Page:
Make no mistake — that is very good news for Cayman’s economy.
Last Friday, the Compass ran a front-page story on the government’s annual economic report from the Economics and Statistics Office, which contained a dizzying array of figures for the year 2014, including on Cayman’s gross domestic product (up 2.1 percent), overall unemployment (at 4.7 percent), Caymanian unemployment (at 7.9 percent), total visitors (up 16 percent), air arrivals (up 11 percent) and cruise arrivals (up 17 percent).
At the same time, the government released another report showing that Cayman’s consumer price index, which is used to measure inflation, declined by 0.4 percent in the first quarter of 2015. Finance Minister Marco Archer attributed this deflation to falling oil prices, which are far beyond Cayman’s control.
Trotted out all at once, those assorted facts and fluctuations are enough to combust calculators and crumble crania.
Broadly speaking, in order to assess accurately the state of Cayman’s economy, we need not trouble ourselves with more than a handful of key statistics:
- The number of work permits
- The total population
- The amount of imports (except for oil and gasoline)
If those indicators are trending upward, which indeed they all were during 2014, then Cayman’s economy can be said to be growing.
Of the three bullet points we list above, the one likely to attract the most disagreement is the first. We can hear the indignant rejoinder now, “Immigrants steal jobs from locals.” That, of course, is a myth.
We maintain, and evidence-based analysis supports, the argument that the more people working in Cayman, regardless of immigration status, the better for the overall economy — and the better the overall economy is, the more job opportunities there are for everyone, including Caymanians and non-Caymanians.
When functioning properly, it’s a cycle of positive feedback.
Drawing on other recent headline news, our hypothetical opponents might point to the nearly US$180 million in remittances sent last year from Cayman to other countries (much of that, presumably, from foreign workers in Cayman to their dependents overseas). Isn’t that a clear indication of work permit holders shrinking, rather than expanding, the local economy?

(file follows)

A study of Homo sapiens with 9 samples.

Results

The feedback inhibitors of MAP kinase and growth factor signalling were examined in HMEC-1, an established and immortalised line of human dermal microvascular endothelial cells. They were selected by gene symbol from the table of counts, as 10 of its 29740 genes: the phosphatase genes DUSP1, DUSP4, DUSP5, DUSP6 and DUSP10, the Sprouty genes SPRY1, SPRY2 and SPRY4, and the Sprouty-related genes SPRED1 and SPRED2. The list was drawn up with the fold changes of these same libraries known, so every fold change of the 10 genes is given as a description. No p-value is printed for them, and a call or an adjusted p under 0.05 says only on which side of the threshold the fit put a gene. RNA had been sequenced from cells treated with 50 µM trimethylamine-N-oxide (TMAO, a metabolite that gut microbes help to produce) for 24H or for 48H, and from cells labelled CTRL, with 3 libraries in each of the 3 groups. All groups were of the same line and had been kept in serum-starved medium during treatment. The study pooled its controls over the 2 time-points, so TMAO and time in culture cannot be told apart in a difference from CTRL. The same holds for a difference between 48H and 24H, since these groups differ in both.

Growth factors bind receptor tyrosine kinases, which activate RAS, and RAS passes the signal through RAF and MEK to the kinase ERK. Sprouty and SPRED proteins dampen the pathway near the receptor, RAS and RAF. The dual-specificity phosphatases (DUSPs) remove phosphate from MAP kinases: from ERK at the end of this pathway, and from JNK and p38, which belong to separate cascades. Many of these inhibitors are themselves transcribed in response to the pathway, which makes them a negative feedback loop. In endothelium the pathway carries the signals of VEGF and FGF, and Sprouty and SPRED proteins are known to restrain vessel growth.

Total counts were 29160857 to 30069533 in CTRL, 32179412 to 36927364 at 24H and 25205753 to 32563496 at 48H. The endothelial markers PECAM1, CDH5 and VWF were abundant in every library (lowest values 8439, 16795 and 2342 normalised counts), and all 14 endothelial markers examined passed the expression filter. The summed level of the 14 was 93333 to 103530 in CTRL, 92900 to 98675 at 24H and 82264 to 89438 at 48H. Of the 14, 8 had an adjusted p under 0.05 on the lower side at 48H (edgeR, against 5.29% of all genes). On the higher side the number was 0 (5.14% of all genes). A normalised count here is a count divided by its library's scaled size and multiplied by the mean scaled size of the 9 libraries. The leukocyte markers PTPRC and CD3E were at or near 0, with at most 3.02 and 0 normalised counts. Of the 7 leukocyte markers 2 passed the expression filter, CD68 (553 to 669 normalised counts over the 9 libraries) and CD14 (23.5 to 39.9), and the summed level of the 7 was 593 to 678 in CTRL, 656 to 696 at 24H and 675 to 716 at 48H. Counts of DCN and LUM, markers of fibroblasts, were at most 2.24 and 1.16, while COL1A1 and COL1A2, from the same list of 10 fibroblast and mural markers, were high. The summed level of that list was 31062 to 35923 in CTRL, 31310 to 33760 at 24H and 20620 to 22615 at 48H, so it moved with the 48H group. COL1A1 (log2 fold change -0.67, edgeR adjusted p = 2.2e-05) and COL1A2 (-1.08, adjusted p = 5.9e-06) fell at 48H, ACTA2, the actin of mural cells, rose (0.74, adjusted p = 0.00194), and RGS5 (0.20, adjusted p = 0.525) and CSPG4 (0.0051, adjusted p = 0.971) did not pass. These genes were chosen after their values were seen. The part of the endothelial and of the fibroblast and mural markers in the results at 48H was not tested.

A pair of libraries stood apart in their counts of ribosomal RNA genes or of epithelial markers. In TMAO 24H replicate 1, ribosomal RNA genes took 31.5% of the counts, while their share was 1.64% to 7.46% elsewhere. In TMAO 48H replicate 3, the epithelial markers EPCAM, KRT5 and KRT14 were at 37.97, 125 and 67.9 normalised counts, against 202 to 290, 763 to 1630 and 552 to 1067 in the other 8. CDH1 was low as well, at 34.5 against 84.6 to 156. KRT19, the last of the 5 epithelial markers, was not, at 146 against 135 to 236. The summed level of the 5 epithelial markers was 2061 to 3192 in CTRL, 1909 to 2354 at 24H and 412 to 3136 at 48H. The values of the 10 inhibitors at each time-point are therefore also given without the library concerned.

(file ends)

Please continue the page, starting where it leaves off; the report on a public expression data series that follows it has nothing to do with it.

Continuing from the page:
In Thursday’s editorial, we said it is readily apparent that, considering their contributions in terms of government fees and local expenses, expatriate workers have a net positive effect on Cayman’s economy. We shall set aside that truth for now — and accept the narrower observation that outbound remittances, taken by themselves, do constitute a negative line-item on the economy’s balance sheet.
There is a way to stem this capital flight from Cayman, and to un-tether the status of Cayman’s economy from the quantity of work permits: Rather than continuing to treat expatriates as “rented” labor for a specified rollover period, we should transform our immigration regime so that work permit holders are regarded fundamentally as candidates for permanent residence, and potentially full-blown Caymanian status.
In other words, provide expatriates with a clear and level pathway to citizenship, so to speak. (Notice that we do not use terms such as “loose,” “easy,” or “non-selective.” Like academic testing, our immigration criteria should be rigorous and standards-based, but fair and transparent.)
This evolution in immigration ethos would encourage expatriates to keep and invest their money in Cayman. And, as foreign workers — after proving themselves as fit additions to our society — transition to PR status, it would reduce our country’s reliance on work permits and make that particular number increasingly irrelevant to the condition of Cayman’s economy.